My Three-Week Horror Film Binge: Obsession, Distraction, or Pathology?

(AP Photo/Warner Bros. Entertainment)

All of the above?

At the end of July, I wrote about having recently discovered the streaming service Screambox, which specializes in horror and slasher fare. At that point, I had been binge-watching horror flicks for three or four days. I like to have something on when I’m working, so I can go through a lot of movies or television shows in a short time.

One astute and helpful reader suggested that I also give Shudder a try, which is available through the AMC+ service. I did, and now I have been watching nothing but horror and slasher movies and series for over three weeks. Yes, I have been having a lot of fun, but I wondered what the joy I’ve been receiving from the horror genre says about me.


Like most people, I would watch the occasional horror flick. I am not an afficionado, and, prior to now I don’t think I’d ever watched more than a few horror movies in any given year. I’ve learned a lot in the last few weeks.

I’ve been watching mostly movies and shows from the 21st century. The first thing I learned was that modern scary movie scriptwriters love teenagers as the main characters. That was a problem at first because I get bored with shows or movies about high school kids. I had to dig a little deeper to find movies that centered around grownups, but I figured it out.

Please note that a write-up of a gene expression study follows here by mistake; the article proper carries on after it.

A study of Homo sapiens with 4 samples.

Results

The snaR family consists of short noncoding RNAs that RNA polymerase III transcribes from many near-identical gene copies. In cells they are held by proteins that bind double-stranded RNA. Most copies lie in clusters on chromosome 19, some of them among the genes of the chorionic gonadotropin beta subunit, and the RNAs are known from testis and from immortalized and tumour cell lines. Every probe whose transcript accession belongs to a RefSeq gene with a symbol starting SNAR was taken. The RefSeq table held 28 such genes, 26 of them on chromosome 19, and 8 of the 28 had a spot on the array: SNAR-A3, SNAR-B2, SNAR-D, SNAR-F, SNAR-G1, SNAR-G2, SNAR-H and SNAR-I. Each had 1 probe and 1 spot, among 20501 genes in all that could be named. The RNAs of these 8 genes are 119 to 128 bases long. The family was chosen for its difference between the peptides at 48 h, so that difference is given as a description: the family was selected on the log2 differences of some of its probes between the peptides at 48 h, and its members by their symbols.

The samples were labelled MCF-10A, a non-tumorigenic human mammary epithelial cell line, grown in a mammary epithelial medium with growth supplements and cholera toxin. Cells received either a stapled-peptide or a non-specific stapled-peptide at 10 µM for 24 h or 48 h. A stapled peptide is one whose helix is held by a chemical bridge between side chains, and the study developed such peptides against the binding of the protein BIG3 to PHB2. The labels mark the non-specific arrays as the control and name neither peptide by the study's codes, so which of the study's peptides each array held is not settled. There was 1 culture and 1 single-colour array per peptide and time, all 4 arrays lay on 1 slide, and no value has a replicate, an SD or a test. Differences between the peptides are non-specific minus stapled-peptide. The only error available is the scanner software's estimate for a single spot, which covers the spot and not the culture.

The second thing I learned was that misogyny is alive and well in modern horror. Women are mostly either pathetic and helpless, or the embodiment of all evil.

Not unlike what I encounter as a single American male. I’m either opening jars or checking around for hidden icepicks. (As I write this, I’m watching “The Witch in the Window,” so the women are icepick-y.)

The third thing I learned was that no modern horror scriptwriter or director is unwilling to admit he or she has ever seen any of the “Scream” movies. If there’s a poor choice to be made — especially involving a dark basement — the protagonist will leave his or her brain cells at the door and make it. By the way, the basement thing in horror movies has validated my lifelong preference for ranch-style houses.

I mentioned in the Screambox column that I greatly enjoyed the fact that horror movies tend to avoid beating me over the head with 21st-century woke leftist messaging. Yeah, there have been a few irritating things along the way, but it’s nothing compared to the commie talking points minefield one encounters in other genres. This reason, more than anything else, is why I’ve been reluctant to end the streak.

Well, there is also the fact that I’m a little dark. I think feelings are awful. One of the most glorious things about horror flicks is that there isn’t a lot of heartstring-tugging going on. If any characters do get gooey or lovey-dovey in a scary movie, it usually means that they are about to be disemboweled by a cranky underworld demon.

An underworld demon who has no thoughts whatsoever about Pride Month.